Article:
Bathroom Renovations 101: Running New PipesBathroom Renovations 101: Running New Pipes


When I decided to add a pedestal sink and claw foot tub to my bathroom, I had no idea how much new plumbing I had to run. Since I had never run pipes before, I wasn't sure how to do it properly. I did a lot of research before I started so that I could be sure that I was doing it right. As I was researching, I knew that it would be helpful to have all of the information I found in one place. That was the inspiration for this site. I hope that the plumbing resources help you with your next home improvement project.

Is A Tankless Water Heater Right For Your Home?

When it comes time to upgrade your hot water heater, you have several options to choose from. For many homeowners, this decision comes down the choice between a newer version of their current hot water heater model or a newer tankless water heater. Both options have advantages and drawbacks so the right decision depends on your situation. Below, we discuss when this option may work in your home.

You Have a Smaller Than Average Hot Water Demand

While tankless water heaters can compete with most small and average sized traditional hot water heaters, tankless units may not be appropriate for particularly large households. A tankless heater may have trouble keeping up with a higher-than-average demand.

Additionally, the more hot water you use over the course of an average day, the less efficient a tankless heater will be. In homes with low water use, a tankless heater can be up to 34% more efficient than a traditional model, but the percentage drops to a maximum of 14% with high levels of water use.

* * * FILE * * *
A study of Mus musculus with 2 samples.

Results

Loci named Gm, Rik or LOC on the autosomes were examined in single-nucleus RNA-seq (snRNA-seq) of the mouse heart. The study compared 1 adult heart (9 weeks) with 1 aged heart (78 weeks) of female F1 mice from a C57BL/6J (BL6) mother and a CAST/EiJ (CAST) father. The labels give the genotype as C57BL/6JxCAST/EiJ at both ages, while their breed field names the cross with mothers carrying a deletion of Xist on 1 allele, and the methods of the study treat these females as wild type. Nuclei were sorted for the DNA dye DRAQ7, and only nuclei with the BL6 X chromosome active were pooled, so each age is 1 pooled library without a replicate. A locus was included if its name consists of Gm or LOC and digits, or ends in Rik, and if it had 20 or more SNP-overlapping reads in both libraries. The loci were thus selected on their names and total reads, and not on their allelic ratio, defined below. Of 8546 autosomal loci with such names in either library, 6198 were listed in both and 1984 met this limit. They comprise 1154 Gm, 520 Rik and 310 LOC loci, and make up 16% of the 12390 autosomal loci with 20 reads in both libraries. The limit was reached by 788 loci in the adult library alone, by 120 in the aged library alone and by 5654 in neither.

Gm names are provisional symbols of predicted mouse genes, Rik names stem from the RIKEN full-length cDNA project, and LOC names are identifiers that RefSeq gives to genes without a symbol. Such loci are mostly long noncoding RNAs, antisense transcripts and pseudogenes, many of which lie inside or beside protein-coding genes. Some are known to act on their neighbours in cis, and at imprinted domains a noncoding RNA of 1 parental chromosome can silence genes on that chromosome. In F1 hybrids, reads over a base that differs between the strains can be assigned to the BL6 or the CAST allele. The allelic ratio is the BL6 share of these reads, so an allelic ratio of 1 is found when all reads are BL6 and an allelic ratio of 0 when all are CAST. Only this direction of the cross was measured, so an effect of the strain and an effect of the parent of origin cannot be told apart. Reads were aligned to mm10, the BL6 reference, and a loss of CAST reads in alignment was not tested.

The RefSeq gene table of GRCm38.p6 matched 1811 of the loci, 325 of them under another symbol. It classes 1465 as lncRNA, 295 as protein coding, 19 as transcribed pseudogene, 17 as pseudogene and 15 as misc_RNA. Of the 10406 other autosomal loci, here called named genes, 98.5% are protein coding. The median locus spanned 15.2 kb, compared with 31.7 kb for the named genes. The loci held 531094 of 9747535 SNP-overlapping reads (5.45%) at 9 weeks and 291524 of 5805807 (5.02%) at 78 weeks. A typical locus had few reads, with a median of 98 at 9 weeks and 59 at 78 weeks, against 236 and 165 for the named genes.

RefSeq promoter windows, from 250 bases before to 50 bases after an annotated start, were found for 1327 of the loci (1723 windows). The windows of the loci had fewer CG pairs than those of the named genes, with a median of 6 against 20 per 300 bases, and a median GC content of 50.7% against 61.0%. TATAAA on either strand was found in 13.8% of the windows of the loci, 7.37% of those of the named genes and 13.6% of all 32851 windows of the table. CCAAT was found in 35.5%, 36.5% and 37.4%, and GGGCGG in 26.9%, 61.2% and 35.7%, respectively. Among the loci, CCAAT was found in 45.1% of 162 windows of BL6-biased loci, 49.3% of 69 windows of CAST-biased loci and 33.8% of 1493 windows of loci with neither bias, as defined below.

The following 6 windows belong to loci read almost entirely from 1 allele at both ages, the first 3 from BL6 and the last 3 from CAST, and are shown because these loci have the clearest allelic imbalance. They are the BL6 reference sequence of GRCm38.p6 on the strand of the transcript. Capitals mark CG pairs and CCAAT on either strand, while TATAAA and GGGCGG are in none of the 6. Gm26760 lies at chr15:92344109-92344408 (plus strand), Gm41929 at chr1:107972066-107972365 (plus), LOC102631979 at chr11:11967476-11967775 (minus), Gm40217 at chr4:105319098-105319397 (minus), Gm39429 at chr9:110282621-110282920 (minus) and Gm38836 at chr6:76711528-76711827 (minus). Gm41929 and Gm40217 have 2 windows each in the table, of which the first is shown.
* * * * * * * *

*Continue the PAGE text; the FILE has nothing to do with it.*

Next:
You Need to Conserve Space in Your Home

Conventional heaters consist of a large reservoir that heats and stores water. These heaters take up a significant amount of space and require at least a foot of clearance around them. If you need to conserve square footage, a tankless water heater may be a better choice.

Tankless water heaters are ideal for urban apartments, so-called tiny homes, and other small living spaces.

You Prefer a Large Initial Investment Over Long-Term Maintenance Costs

Tankless hot water heaters can cost significantly more to purchase and install than their traditional counterparts. However, in most cases, this big initial investment leads to lower maintenance, water, and energy costs over time.

If you can afford a tankless hot water heater, you may recoup your expenses in reduced long-term costs. When considering costs, you should remember that not every home is wired to accommodate a tankless water heater. Rewiring can add a significant cost to the initial investment.

You Want to Make Your Home More Sustainable

The large-scale heating and water storage of conventional hot water heaters often leads to high levels of energy and water waste, especially in older homes with poorly insulated pipes. If you're taking steps to make your home more sustainable, a tankless water heater can be a smart investment since these units only heat the water you actually use when you need it.

As you consider your hot water heater options, consult with a plumber, such as First Class Plumbing LLC. A plumbing expert can make recommendations based on your home's architecture, household size, and other important factors.